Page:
Archive for Sexology
In our Western civilization attempts at a rational and systematic study of human sexual behavior date back at least to the ancient Greeks (see Chronology of Sex Research). Indeed, physicians like Hippocrates and the philosphers Plato and Aristotle can be claimed as the legitimate forefathers of sex research, since they made extensive observations and offered the first elaborate theories regarding sexual responses and dysfunctions, reproduction and contraception, abortion, sex legislation, and sexual ethics. In imperial Rome, Greek physicians like Soranus and Galen further advanced and systematized ancient sexual knowledge. Their work, in turn, prompted later Islamic scholars to devote a great deal of attention to sexual questions. These studies, originally written in Arabic, were translated and introduced into medieval Europe. Together with re-edited Greek and Roman manuscripts, they became standard texts at newly established medical schools and stimulated a rebirth of anatomical research in the 16th, 17th, and 18th centuries. The names of Fallopio (Fallopian tubes), de Graaf (Graafian follicles), Berthelsen (Bartholin's glands) and Cowper (Cowper's glands) recall, even today, the first flowering of modern anatomy and remain associated with the then newly discovered parts of human sexual anatomy. The Age of Enlightenment ushered in a vigorous and increasingly secularized discussion of sexual ethics and produced the first programs of public and private sex education as well as new classifications and documentations of sexual behavior. In 19th century, new concerns about overpopulation, sexual psychopathy and degeneracy gave rise to the concept of "sexuality" and led to intensified efforts on many fronts to get a firmer intellectual grasp on a subject matter that rapidly seemed to grow ever more complex. Biological, medical, historical, and anthropological research by von Baer, Darwin, Mendel, Kaan, Morel, Magnan, Charcot, Westphal, Burton, Morgan, Mantegazza, Westermarck, Krafft-Ebing, Forel, and others, laid the foundations of sex research in the modern, more specific sense. Finally, at the turn of the 20th century, the pioneering work of Havelock Ellis, Sigmund Freud, and Iwan Bloch established the investigation of sexual problems as a legitimate endeavor in its own right.
The concept of a special scientific and scholarly effort devoted to the understanding of sex was first proposed by the Berlin dermatologist Iwan Bloch (1872-1922), who also coined the new term for it: Sexualwissenschaft. The term was first translated as "sexual science", but this is somewhat misleading, since the German Wissenschaft comprises both the natural sciences and the humanities. The translation as "sexology" is therefore preferable, because the Greek root "logos", which is part of the word, traditionally refers to all powers of reason and therefore to any rational study, to organized knowledge of any kind. Thus, the Latin-Greek hybrid "sexology" simply refers to the theoretical study of sex, just as the German original. In this sense, Iwan Bloch may be rightfully called the father of sexology (or Sexualwissenschaft). The modern concept of sexology (i.e. the theoretical study of sex or scientia sexualis) is, of course, to be distinguished from the older concept of erotology (i.e. the practical study of lovemaking or ars amatoria). Erotological writings like Vatsayana's Kama Sutra and other Hindu love manuals, indeed even recent Western counterparts like van de Velde's Ideal Marriage or Comfort's Joy of Sex want to guide the reader to subjective experiences. They are, in a popular phrase, "how-to books". Sexological writings, in contrast, want to convey objective insight. In this general sense, therefore, the term "sexological" can also be applied retroactively to older Western literature, such as Hippocrates' On Semen or Schurig's Gynaecologia historica-medica.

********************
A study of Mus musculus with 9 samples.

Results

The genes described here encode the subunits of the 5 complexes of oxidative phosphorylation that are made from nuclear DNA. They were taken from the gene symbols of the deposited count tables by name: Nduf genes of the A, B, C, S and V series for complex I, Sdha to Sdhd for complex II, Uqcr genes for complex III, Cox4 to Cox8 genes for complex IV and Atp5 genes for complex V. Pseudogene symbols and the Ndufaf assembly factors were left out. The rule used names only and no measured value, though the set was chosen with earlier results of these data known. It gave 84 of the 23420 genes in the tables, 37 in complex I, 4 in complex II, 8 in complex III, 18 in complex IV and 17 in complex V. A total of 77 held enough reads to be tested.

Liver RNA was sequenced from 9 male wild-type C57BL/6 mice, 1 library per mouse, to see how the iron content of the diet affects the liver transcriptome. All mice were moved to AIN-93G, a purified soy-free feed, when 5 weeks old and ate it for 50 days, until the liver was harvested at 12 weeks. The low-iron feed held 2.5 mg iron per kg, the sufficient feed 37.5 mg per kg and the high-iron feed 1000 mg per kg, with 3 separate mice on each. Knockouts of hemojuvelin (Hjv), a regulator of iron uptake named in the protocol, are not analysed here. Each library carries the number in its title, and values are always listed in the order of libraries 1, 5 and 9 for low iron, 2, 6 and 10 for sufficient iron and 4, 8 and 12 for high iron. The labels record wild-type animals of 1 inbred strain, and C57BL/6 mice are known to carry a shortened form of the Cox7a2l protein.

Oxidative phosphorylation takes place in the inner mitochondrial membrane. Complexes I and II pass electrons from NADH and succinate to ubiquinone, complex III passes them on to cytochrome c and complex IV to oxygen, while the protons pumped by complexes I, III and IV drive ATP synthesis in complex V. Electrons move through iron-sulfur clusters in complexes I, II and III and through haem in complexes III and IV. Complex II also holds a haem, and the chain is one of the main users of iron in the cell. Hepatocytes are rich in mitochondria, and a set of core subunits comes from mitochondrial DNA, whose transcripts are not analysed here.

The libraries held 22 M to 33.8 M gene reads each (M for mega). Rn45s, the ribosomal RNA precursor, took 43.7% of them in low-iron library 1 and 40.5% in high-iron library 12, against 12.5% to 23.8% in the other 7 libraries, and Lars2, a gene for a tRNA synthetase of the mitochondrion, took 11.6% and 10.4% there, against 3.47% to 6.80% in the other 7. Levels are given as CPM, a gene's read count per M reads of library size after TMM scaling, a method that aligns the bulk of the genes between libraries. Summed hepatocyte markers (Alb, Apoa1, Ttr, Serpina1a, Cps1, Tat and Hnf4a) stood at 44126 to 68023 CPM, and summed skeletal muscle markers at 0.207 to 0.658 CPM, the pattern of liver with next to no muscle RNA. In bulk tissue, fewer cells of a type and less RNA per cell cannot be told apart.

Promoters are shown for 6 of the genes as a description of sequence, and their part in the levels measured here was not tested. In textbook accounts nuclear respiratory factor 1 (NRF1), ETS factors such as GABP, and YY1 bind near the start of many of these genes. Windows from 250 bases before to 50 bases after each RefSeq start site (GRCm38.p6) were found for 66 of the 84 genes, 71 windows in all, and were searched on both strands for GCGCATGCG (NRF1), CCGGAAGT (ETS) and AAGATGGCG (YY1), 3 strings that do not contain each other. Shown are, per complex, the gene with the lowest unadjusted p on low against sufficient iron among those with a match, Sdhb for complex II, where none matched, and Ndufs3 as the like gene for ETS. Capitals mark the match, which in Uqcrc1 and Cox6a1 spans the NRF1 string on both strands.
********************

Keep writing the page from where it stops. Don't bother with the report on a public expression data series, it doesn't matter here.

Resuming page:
The purely theoretical study of sex had, several decades before Bloch, entered a new phase of concentration and specialization. 19th-century medicine, elaborating a theme it inherited from the Age of Enlightenment, began to concern itself more with the bizarre, dangerous, and supposedly unhealthy aspects of sex. As early as 1843, the Russian physician Heinrich Kaan, in his book Psychopathia Sexualis, offered a classification of sexual mental diseases, a method that was adapted, greatly expanded and refined over forty years later by von Krafft-Ebing in another book of the same title. Indeed, this presexological era of modern sex research was almost exclusively devoted to the study of people believed to be sick. The sexual manifestations of their sickness were carefully listed and, as a rule, ascribed to degeneration.
A broadening of this view could come only from outside medicine and biology as they were then understood. Indeed, as the work of Iwan Bloch demonstrates, in eventually came from two hintherto neglected sources - history and anthropology. Bloch, a man of enormous erudition, who spoke several languages and possessed a personal library of 40,000 volumes, knew from his readings that many supposedly pathological and degenerate sexual behaviors had always existed in many parts of the globe and among both "primitive" and civilized peoples. Therefore, he gradually came to the conclusion that the medical view of sexual behavior was shortsighted and needed to be corrected by historical and anthropological research. He began to see the "sexual psychopathies" as timeless and universal manifestations of the human condition and finally, in the first years of our century, attacked the notion of sexual degeneration in a seminal study.